Over the past decade, the use of deep brain stimulation to relieve treatment-resistant depression has grown in popularity.
The option is important because while most patients with major depression find relief through a combination of psychotherapy and medication, about 20 percent of patients fail to respond.
Research associated with the modality has helped scientists understand how the brain processes expectations for pleasurable results, modifies behavior to achieve those results, and reacts when those results are obtained or denied.
Experts believe the knowledge will provide insight into normal reward-oriented behavior as well as conditions characterized by dysfunction of pleasure-related circuitry, including depression and addiction.
In the study, researchers at Massachusetts General Hospital/Harvard Medical School studied the role of the ventral striatum of the brain in processing rewards in people with severe treatment-resistant major depression.
Dysfunction of circuits involving the ventral striatum can lead to a variety of disorders, including depression and OCD.
Severely affected patients who do not respond to medical therapy may be candidates for surgical treatment, such as deep brain stimulation (DBS). DBS surgery involves the placement of tiny implantable electrodes into specific parts of the brain that are functioning abnormally.
These electrodes emit tiny pulses of electrical stimulation to block the abnormal activity in the brain, which causes a variety of symptoms – such as pain, tremors and movement problems as well as obsessions, moods and anxieties associated with psychiatric disorders.
The success of DBS is dependent on the surgical team’s ability to precisely pinpoint the specific brain area for stimulation. The advantage of DBS is that it is reversible, nondestructive, and can be modified by adjustment of the stimulator settings after implantation.
“The ventral striatum plays an important role in the circuitry of reward-oriented behavior. This structure has extensive interconnections with both the limbic lobe of the brain, which processes emotions such as pleasure and fear, and the basal ganglia, which is involved in learning and motor control,” remarked Dr. Sheth.
The role of the human ventral striatum in reward processing was investigated in six patients (five male, one female, between the ages of 27 and 64) with severe depression undergoing DBS in a Phase III clinical trial.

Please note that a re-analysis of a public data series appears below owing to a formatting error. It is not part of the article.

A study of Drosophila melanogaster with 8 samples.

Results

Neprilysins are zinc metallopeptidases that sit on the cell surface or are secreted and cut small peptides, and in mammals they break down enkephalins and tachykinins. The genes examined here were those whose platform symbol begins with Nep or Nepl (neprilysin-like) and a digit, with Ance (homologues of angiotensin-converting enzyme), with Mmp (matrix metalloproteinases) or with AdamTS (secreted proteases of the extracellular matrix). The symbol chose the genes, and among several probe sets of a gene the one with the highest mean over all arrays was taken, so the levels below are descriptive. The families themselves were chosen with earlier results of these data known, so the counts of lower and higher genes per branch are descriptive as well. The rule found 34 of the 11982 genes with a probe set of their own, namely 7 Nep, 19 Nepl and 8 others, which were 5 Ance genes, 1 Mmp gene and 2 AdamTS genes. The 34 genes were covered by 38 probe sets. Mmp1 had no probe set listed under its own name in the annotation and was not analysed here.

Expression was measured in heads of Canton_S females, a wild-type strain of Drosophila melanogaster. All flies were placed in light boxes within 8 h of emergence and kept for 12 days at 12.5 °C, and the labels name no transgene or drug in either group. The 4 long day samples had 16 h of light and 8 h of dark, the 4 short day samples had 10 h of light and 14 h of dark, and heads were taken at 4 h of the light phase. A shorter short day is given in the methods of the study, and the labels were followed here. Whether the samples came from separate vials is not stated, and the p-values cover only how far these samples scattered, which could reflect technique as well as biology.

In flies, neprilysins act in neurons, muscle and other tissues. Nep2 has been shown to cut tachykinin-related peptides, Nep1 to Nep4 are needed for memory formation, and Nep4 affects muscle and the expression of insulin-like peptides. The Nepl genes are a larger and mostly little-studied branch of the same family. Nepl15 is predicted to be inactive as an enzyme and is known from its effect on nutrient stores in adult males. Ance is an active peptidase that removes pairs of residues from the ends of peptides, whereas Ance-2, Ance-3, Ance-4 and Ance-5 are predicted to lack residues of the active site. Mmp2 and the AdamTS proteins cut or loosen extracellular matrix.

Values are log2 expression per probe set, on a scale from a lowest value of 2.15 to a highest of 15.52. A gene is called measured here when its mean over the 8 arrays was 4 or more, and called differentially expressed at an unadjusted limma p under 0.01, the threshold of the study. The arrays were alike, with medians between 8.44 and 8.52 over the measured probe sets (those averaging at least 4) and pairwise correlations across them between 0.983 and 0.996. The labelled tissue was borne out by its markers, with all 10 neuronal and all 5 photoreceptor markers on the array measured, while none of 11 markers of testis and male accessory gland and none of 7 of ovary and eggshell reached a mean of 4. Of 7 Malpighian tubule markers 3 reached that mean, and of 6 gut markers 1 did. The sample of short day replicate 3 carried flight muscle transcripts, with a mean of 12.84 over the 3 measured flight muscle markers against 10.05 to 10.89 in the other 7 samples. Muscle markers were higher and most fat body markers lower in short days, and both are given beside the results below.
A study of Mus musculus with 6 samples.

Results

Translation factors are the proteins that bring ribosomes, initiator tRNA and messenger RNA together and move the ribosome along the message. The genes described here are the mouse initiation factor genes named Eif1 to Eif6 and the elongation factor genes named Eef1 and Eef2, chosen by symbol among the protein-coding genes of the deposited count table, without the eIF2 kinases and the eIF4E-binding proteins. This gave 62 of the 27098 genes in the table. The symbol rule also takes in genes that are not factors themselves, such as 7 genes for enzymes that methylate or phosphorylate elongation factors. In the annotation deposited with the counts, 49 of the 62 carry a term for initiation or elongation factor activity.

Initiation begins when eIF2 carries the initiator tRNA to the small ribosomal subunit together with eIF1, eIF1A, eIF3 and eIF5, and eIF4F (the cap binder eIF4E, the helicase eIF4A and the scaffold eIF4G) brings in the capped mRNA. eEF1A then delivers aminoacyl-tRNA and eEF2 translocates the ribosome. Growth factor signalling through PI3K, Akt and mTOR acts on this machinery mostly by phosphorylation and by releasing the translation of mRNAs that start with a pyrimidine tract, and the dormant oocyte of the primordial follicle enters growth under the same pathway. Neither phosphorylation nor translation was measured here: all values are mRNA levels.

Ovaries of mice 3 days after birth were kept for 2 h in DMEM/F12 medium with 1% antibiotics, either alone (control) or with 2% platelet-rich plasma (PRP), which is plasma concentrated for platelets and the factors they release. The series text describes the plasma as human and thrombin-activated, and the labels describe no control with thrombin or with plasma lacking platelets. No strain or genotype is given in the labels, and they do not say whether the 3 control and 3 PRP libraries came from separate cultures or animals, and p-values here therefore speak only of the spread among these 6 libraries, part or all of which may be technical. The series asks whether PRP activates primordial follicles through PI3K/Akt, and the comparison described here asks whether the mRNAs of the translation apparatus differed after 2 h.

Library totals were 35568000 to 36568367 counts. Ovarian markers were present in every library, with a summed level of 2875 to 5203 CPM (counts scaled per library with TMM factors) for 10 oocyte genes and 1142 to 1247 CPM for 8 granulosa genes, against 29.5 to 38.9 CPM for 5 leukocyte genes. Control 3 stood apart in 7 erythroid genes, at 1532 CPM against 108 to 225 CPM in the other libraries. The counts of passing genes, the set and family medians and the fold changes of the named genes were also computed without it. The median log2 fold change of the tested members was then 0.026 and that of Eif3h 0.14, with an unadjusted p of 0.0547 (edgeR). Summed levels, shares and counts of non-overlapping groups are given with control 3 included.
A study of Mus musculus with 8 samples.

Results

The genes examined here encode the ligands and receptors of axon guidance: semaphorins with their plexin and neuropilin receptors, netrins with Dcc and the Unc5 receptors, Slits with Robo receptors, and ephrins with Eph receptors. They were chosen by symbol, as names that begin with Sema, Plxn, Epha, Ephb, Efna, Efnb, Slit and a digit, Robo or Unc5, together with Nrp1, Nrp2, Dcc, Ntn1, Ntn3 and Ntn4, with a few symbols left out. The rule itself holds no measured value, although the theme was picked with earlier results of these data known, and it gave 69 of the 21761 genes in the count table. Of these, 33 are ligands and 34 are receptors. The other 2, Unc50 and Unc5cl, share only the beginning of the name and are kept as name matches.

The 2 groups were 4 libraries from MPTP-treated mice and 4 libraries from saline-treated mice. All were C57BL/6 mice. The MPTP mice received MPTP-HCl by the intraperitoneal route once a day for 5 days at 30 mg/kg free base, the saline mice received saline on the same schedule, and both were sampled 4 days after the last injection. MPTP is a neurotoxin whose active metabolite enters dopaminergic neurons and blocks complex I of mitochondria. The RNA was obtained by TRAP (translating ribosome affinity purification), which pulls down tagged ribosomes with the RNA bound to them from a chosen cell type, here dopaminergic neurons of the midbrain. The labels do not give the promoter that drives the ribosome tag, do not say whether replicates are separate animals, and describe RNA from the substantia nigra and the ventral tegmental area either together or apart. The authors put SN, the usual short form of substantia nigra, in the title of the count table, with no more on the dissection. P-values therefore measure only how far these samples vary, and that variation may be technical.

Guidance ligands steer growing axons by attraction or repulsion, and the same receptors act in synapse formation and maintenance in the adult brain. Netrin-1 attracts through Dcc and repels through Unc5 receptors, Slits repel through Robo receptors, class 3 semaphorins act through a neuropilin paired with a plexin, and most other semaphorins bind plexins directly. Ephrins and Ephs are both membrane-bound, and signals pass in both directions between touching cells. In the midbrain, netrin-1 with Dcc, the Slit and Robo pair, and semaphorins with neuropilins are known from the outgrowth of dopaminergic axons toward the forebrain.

The targeting electrode was placed in the ventral striatum and the patient was asked to play a computerized card game. In this simplified game of “War,” the patient won the hand if his or her card was higher than that of the computer.
After seeing the card, the patient was allowed to place a bet of $5 or $20. The computer’s card was then revealed, followed by that hand’s payout/loss. To add an element of surprise, in 20 percent of hands, the bet was actually $50, unbeknownst to the player until payout.
“We discovered that the neurons changed their firing at various parts of the task. Some were particularly attuned to the expectation of upcoming reward arising from a strong hand, before the computer’s card was revealed. Others were more specifically activated after revealing the computer’s card, when the winner and loser of the hand were established. Interestingly, the expectation to win or lose the hand was generally associated with more activity than the expectation to draw. An unexpectedly large win or loss elicited the greatest and least activity, respectively,” stated Dr. Sheth.
“This research demonstrated that neurons in this region of the brain are sensitive to the expectation of upcoming reward. Understanding how the brain processes expectations for pleasurable results, modifies behavior to achieve those results, and reacts when those results are obtained or denied, will provide insight into normal reward-oriented behavior as well as conditions characterized by dysfunction of pleasure-related circuitry, including depression and addiction. A better appreciation of the mechanisms of reward processing in this region of the brain will hopefully improve our ability to treat disorders such as major depression,” concluded Dr. Sheth.